The current pre-election impasse could escalate further in Somalia following the latest reports that parliament may have extended-term without laid down legal provisions, a move which could trigger endless political squabbles in the Horn of Africa nation.
Somalia was set to go elections from December last year but the plans have been derailed by the ongoing pre-election standoff which involves the federal government of Somalia and the much-united opposition, which accuses President Mohamed Abdullahi Farmajo of sabotage.
Reports indicate that lawmakers, whose term expired December last year, have extended their mandate contrary to the laid legal provisions, further giving loopholes for epic duels that would jeopardize any room for a pre-election deal that could solve the standoff.
Investigations by MOL indicate that the MPs have acquired new Identification Cards that allow them to access parliamentary premises, whose expiry date is December 2021. It’s not clear why the MPs chose the move rather than waiting for their planned elections.
Analysts believe that the move could complicate efforts to defuse gridlock over the electoral process that delayed the voting schedule. Already, the disputed by electoral committee has scheduled regional elections from next week but the opposition has further demanded changes.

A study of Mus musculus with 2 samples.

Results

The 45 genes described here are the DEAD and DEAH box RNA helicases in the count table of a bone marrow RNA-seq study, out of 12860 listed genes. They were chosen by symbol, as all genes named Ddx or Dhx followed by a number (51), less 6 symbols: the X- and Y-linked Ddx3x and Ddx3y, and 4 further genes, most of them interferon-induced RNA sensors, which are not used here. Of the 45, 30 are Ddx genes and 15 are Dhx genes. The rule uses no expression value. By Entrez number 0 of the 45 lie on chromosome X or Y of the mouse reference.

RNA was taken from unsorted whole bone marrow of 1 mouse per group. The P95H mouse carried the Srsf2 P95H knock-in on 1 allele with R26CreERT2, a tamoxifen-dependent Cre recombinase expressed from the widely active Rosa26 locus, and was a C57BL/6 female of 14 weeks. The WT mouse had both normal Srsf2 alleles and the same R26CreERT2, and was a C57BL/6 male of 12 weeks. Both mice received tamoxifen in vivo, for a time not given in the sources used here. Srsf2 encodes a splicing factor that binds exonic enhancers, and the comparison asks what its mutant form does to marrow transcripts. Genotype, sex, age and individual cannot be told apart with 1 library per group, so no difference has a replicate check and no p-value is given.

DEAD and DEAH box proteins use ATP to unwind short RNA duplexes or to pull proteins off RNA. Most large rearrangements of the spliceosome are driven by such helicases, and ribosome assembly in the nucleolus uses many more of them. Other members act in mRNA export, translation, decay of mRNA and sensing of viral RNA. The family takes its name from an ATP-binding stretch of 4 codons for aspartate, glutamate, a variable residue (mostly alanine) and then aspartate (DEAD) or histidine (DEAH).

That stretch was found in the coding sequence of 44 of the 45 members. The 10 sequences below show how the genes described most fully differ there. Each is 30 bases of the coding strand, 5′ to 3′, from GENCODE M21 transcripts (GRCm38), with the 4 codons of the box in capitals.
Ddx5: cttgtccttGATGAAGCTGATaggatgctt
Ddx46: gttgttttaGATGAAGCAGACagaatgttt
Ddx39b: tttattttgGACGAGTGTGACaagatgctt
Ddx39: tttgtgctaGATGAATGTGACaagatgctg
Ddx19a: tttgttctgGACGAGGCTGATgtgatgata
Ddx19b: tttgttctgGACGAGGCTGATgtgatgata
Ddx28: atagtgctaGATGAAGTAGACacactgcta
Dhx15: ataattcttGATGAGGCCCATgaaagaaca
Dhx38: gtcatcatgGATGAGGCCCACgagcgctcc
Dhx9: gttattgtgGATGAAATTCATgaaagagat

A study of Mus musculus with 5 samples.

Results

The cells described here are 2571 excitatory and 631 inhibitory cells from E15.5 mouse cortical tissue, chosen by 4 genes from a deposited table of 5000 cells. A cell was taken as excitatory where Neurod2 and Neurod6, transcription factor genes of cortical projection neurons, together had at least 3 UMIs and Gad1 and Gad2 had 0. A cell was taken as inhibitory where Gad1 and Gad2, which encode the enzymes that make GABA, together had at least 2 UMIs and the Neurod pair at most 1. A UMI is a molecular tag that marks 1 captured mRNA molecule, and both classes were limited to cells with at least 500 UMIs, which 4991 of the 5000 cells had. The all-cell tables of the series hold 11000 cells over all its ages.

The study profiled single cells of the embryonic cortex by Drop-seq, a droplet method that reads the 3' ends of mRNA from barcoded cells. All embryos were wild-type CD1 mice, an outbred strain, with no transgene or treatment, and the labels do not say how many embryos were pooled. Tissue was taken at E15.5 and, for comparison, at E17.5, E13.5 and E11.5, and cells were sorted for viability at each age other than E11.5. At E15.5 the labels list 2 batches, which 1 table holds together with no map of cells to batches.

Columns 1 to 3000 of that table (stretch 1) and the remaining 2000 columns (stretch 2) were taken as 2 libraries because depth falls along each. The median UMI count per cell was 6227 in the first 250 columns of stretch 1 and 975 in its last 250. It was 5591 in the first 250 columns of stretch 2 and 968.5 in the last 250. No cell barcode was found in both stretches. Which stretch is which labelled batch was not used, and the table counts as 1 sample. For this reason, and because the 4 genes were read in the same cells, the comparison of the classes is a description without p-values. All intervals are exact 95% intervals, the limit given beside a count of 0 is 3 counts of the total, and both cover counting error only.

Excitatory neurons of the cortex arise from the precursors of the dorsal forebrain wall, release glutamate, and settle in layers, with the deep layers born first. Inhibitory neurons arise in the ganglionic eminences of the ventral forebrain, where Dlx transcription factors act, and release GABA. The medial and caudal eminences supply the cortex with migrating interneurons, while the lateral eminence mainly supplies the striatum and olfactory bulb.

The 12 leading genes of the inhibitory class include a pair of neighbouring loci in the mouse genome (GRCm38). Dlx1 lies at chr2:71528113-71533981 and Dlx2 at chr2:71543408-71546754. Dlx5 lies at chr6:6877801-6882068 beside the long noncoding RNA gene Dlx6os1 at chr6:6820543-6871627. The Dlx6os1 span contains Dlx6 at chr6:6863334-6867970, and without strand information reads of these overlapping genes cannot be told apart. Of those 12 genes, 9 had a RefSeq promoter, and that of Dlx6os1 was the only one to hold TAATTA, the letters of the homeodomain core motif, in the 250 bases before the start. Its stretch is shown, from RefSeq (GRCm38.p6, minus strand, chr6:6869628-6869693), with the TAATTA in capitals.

The opposition accuses the Federal Government of Somalia of picking people friendly to the regime, some close allies of President Mohamed Abdullahi Farmajo, who could be facing a tough reelection debacle in February. According to them, NISA agents are involved, but Villa Somalia has often refuted the claims.
Stakeholders in the country have been calling for a ceasefire but Villa Somalia is said to be keen with plans to hold elections regardless of the pressure from a disgruntled opposition. The opposition has threatened to boycott any election held under such circumstances.
This comes amid reports that Somalia has dispatched Deputy Speaker Sheikh Mudey to Nairobi in a bid to negotiate on ways to restore diplomatic ties. Mogadishu cut ties with Nairobi last month over claims that Kenya was interfering with her internal politics.
In an undated picture, Prof Peter Kagwanja who is the husband of Kenya’s minister of defense Monica Juma met with Somali deputy speaker Sheikh Mudey in Nairobi.
The Deputy Speaker, a fierce supporter of President Mohamed Abdullahi Farmajo. It’s not clear what the two discussed but the severe relationship between Kenya and Somalia may have featured.